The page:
Sunday, February 25 , 2018, 6:07 am | Fair 39º



Candy Is Dandy at Chocolate Maya, But the Story Behind It Is a Sweet One

Chocolatier Maya Schoop-Rutten delights in tracing the origins of her products — right back to the beans

As a child growing up in Switzerland, it never occurred to Maya Schoop-Rutten where the chocolate she ate came from. Now, she has traveled the world and opened Chocolate Maya, 15 W. Gutierrez St., to find out just that.

“A lot of people have never had good chocolate and to see their reaction when they get converted makes it worth it,” Schoop-Rutten said. “I want people to get an experience of what high-quality fresh chocolate is when it’s made from the best ingredients.”

In Geneva, chocolate stores are as frequent as butcher shops; they pop up every couple blocks, Schoop-Rutten said. Her family had an ornate green armoire decorated with hand-painted flowers that housed the sweet treat.

“After dinner we would open the doors and choose some chocolate,” she recalled.

Now the armoire sits in Schoop-Rutten’s living room. She; her son, Helek; and daughter Ila have a firsthand story of where the well-traveled chocolate originated.

“I traveled to understand chocolate, to know what I was doing here so when you taste beans (at the plantations) before and after the roast, you know what to look for,” Schoop-Rutten explained.

After traveling the world as a chef on a yacht for 10 years — similar to her niece, Jill Barton, who recently opened Le Crepe Shoppe next door — Schoop-Rutten opened the Comeback Café. For its 12 years in business, the restaurant thrived serving breakfast and lunch to locals. But, during her yearly travels, she would bring back chocolate that was unique to Europe.

“Each time I would go to Europe with my kids, we would came back with tons of chocolate because it wasn’t available here,” Schoop-Rutten said. “And I said to myself, ‘Why not open a chocolate shop.’ So I did.”

She traveled to Belize, Costa Rica, Guatemala, Panama and Venezuela, just to name a few. She and her family met the farmers who grow the beans and saw the pods fermenting in the sun.

Their first visit was to Chuao, Venezuela, where the scent of the fermenting chocolate made Schoop-Rutten feel like she had stepped into heaven.

“Farmers gave me and Jill freshly dried cocoa beans and we got an incredible energy surge,” she said. “Next thing you know we hiked several miles.”

Large chocolate companies buy from multiple sources, blending beans and flavor to save money. Much of the chocolate on store shelves has cocoa butter extracted and replaced with cheaper oils. Schoop-Rutten’s chocolate lists the ingredients the wrapper: cocoa butter and sugar with no added fats or oils. She recommended trying bars from different regions or plantations to compare flavors.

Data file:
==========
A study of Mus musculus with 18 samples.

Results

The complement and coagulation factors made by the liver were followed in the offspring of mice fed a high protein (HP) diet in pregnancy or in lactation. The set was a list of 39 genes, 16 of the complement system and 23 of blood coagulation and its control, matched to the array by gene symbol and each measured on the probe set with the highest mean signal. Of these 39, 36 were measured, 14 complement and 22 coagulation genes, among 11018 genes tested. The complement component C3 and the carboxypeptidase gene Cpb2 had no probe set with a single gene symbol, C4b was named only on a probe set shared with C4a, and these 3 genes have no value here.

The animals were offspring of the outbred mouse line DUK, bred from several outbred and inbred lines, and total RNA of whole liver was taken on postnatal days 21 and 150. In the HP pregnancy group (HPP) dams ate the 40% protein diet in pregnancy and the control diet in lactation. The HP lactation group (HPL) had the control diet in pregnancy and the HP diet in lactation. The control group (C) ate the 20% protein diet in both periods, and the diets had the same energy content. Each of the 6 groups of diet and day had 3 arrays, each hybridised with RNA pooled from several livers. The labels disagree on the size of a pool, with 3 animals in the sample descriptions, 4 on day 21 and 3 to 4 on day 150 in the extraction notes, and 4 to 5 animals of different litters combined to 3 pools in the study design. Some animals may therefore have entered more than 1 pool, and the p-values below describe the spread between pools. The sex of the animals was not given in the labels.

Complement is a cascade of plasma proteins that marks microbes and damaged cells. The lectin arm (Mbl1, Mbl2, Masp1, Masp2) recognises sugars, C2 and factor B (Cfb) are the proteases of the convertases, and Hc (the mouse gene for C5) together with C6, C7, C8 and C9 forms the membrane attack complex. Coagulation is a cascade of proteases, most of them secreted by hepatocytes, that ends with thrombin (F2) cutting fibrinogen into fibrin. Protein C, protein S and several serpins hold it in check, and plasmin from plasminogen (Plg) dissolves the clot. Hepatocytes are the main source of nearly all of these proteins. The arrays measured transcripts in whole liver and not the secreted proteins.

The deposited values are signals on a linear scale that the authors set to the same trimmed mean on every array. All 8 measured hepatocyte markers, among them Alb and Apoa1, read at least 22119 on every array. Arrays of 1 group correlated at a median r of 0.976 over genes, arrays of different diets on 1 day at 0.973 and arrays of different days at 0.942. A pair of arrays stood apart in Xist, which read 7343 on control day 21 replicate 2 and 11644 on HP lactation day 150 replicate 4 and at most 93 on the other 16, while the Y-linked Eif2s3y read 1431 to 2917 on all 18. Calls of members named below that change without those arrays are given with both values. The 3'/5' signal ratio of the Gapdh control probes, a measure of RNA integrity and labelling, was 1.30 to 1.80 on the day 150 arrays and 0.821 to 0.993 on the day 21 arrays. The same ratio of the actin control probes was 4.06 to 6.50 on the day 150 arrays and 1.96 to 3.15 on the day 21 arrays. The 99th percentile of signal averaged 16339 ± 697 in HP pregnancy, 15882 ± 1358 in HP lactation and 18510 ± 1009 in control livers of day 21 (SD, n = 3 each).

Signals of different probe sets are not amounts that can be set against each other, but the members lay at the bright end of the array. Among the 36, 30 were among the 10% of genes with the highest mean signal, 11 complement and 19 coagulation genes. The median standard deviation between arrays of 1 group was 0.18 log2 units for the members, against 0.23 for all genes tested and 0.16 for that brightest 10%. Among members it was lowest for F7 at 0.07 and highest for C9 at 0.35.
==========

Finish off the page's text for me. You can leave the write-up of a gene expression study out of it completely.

Stepping into the shop gives the customer a taste of chocolate’s history.

Colorful Guatemalan scarves, antique chocolate pots and Mayan masks and paintings adorn the walls to provide a sense of warmth and culture. It was the Mayans who first opened the pods and would take the bean, crush it and mix it with water and spices to create a “drink of the gods,” Schoop-Rutten explained.

“People tell me they are transported somewhere else when they come in, and I like that,” she said.

The front counter is filled with truffles from Belgium, France and Switzerland, and the goods sit next to her own creations. Schoop-Rutten designs each truffle, which is crafted by an expert candy maker using high-quality chocolate mixed with other fresh ingredients such as mint leaves. “The Mint” infuses fresh mint and lemon from her garden with dark chocolate ganache.

“I don’t think I’ve ever loved working so much,” Schoop-Rutten said. “This is perfect for me because it’s creative and I’m detail-oriented, so it’s good for me.”

It’s not only Schoop-Rutten’s mission to educate customers about the process of making chocolate and where it comes from, but to offer free-trade chocolate to support cocoa farmers.

In the Ivory Coast and Nigeria, some plantations still practice child labor and slavery, according to the Labor Department’s “List of Goods Produced by Child Labor or Forced Labor.”

“Slavery is still prevalent,” she said.

The business opened not long before the U.S. recession struck. But even through the dire economic times, business has increased each of the past four years, despite what she described as landlords’ initial unwillingness to support her venture.

“I remember before I opened doing research on chocolate sales during war and recession and people still go to movies and eat sweets,” Schoop-Rutten said. “So this is maybe something people can’t live without.”

Schoop-Rutten said she never loved working so much because when it comes down to it, chocolate makes people happy.

“I have no idea what’s going to happen, but right now I’m totally engrossed and I love it,” she said.

If not for her aunt, Barton said she wouldn’t be operating her own small business today.

“She’s an inspiration,” Barton said. “I don’t think I would’ve been here if it wasn’t for her support.”

Noozhawk staff writer Alex Kacik can be reached at .(JavaScript must be enabled to view this email address). Follow Noozhawk on Twitter: @noozhawk, @NoozhawkNews and @NoozhawkBiz. Become a fan of Noozhawk on Facebook.